Blog: The Who, How and Why of Install Fraud, Part 1: Who?
The Who, How and Why of Install Fraud, Part 1: Who?
Whenever we speak to advertisers and agencies about app install fraud, we’re commonly asked the same set of questions. Not necessarily about the technical specifics, but the underlying human questions: who is committing this fraud, how do they do it, and why do it in the first place?
In this series of blog posts, we’re going to answer those questions, one at a time, to help you understand where install fraud comes from. Starting with...
Who is committing app install fraud?
Although fraudulent app installs are a global problem for marketers, there is a notably higher proportion of bad players based in Russia, Israel and South-East Asia.
Fraudulent app install players take many guises. There are fraudulent suppliers who provide the tools for generating fake installs, whether it’s the technology for artificial installs or a human install farm, but in terms of who you are buying from, fraudulent players can be divided into two broad categories: publishers and ad networks.
Who are the fraudulent publishers?
Publishers – by which we mean media owners – can be completely fraudulent operations, running a portfolio of apps or sites whose sole purpose is generating money through fraudulent installs. Typically, these apps are low-quality, but will have a presence in ad networks so they can access UA campaigns, and it can be hard to tell them apart from the other 4 million apps on the Google Play Store or 2 million on Apple’s App Store.
Alternatively, it could be a publisher which generates some genuine installs but wants more money and intentionally boosts its revenue stream with fraudulent installs. We’ve seen fraud coming from publishers who provide hundreds of good-quality installs. This can be a case of them actively employing a fraudulent player, or else acting in a way that will inevitably attract fraud – like posting their inventory on an offer wall.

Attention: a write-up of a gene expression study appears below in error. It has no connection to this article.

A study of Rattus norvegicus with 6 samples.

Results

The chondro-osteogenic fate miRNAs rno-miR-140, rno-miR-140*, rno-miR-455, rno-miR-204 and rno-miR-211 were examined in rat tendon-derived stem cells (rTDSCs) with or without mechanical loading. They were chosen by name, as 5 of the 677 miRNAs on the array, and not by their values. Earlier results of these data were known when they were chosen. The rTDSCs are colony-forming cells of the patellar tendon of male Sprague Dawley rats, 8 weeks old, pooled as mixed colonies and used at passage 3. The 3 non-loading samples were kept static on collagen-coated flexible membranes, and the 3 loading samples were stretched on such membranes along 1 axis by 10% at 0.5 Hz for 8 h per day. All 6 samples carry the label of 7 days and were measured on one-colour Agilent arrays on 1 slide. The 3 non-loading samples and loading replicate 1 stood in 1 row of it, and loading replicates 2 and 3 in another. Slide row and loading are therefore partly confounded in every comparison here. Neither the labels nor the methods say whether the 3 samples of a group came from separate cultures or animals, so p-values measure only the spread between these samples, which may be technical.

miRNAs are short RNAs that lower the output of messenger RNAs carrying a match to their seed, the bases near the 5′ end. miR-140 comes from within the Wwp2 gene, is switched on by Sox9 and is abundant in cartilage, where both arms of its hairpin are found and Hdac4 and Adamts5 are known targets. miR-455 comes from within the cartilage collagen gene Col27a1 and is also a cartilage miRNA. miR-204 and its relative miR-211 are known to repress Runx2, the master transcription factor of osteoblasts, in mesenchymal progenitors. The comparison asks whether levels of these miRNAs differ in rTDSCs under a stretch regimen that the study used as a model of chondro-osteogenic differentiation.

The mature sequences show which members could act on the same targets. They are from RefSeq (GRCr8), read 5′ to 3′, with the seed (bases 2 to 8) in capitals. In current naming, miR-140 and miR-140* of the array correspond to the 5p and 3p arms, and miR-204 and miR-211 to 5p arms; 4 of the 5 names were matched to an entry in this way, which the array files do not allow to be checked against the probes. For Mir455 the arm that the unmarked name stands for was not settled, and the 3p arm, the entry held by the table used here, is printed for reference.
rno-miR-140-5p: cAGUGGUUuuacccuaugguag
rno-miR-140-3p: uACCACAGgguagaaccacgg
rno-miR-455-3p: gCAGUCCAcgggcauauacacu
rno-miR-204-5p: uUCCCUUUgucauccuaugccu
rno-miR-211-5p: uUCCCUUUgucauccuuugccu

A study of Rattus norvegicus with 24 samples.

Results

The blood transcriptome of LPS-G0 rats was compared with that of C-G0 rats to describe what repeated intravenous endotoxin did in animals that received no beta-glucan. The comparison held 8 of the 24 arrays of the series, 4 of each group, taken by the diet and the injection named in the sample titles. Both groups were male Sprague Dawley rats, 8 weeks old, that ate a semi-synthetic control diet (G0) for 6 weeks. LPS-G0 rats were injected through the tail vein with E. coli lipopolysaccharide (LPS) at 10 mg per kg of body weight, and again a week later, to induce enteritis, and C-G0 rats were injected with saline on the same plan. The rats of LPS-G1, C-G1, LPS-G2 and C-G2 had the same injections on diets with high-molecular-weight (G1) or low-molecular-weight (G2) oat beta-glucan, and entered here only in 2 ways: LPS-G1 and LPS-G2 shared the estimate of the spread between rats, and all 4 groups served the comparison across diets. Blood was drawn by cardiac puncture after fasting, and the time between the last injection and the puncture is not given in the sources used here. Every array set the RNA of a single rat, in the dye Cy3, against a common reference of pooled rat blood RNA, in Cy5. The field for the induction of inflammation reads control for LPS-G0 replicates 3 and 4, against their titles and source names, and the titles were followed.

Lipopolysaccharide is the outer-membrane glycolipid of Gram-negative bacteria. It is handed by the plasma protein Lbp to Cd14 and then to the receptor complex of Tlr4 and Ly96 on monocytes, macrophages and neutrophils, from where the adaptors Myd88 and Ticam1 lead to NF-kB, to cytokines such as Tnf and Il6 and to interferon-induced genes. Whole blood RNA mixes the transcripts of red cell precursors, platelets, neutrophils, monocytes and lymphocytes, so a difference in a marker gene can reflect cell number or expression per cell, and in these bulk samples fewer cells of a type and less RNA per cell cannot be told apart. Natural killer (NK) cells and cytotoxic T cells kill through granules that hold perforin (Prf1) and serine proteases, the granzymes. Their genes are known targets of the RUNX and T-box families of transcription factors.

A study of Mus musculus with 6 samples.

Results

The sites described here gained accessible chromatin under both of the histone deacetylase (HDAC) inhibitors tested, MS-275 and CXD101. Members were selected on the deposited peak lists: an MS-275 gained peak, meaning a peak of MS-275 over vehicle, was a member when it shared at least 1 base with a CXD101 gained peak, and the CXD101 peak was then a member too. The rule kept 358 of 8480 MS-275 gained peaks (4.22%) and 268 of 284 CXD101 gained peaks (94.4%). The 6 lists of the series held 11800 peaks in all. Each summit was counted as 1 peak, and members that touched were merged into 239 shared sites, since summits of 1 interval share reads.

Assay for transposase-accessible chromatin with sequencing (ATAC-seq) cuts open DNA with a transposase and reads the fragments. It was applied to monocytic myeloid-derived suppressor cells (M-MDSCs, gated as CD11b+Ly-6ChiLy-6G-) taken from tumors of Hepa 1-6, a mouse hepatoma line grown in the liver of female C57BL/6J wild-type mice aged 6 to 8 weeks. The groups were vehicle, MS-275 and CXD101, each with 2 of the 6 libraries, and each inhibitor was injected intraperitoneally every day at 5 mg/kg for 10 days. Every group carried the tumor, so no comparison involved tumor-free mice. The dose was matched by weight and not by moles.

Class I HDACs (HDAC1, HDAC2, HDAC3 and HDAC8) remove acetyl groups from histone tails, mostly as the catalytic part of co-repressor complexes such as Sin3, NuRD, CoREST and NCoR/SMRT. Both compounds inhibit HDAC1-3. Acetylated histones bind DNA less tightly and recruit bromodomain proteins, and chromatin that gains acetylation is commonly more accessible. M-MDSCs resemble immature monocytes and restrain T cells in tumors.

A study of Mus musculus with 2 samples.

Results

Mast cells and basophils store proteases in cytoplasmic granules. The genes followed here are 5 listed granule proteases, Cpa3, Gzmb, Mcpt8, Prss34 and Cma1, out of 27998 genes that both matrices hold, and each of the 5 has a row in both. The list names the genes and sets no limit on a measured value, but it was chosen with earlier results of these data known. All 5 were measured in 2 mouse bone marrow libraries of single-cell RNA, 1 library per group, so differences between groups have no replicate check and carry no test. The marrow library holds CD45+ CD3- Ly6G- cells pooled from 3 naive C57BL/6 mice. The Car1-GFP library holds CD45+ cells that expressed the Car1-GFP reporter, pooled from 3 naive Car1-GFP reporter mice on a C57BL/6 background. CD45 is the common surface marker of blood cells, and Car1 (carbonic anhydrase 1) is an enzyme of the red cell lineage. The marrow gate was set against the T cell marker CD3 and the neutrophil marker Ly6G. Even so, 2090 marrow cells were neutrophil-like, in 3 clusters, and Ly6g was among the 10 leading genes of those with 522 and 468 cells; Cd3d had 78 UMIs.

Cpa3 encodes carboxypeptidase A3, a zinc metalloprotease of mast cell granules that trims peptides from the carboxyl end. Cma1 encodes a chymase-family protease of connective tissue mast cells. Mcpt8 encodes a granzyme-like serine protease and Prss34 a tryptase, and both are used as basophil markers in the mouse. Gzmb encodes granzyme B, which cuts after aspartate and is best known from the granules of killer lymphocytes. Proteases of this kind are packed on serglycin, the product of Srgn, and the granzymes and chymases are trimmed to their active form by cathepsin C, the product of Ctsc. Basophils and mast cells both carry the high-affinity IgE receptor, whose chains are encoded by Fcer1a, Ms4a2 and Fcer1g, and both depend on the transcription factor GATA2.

Who are the fraudulent ad networks?
There are three types of ad networks we see install fraud from.
The first are the completely legitimate ad networks. Typically these ad networks only use publishers who are directly integrated with their own ad network SDK. However, there is still a level of exposure to more sophisticated fraudulent activity, as it’s easy for a fraudulent publisher (which seems legitimate) to join these ad networks. These legitimate ad networks proactively do what they can to clean up their own supply and rid their networks of bad publishers – but you can still expect to see an average of 12% fraudulent installs.
The second and most common type is negligent ad networks. Typically these ad networks have little-to-no direct publisher supply and will rebroker the advertisers’ offer over and over again. These negligent ad networks are the source of the most common fraud methods. These are fairly simple and it’s easy to spot the basic signals – a trained person can catch them by looking at the figures – so it’s likely that these networks are choosing to turn a blind eye. They could blacklist the most obviously fraudulent publishers and cut them off, but as they’re making money from them and the penalty is practically non-existent if they’re caught – it’s just a case of not being paid for that particular install – they just decide to ignore it.
The third and final type is outright fraudulent ad networks, which are knowingly providing fraud. In a recent report analysing all the installs Machine processed in the first five months of the year, we saw that five of the 88 biggest networks used by our clients were delivering 100% fraudulent app installs. Unless these networks are highly incompetent, this can only mean that they’re deliberating providing fraudulent inventory.
These three types of ad network form a sort of chain. Fraudulent installs from the first, more innocent players show the fingerprints of the very worst offenders. As for exactly how this happens… we’ll be covering that in our next instalment.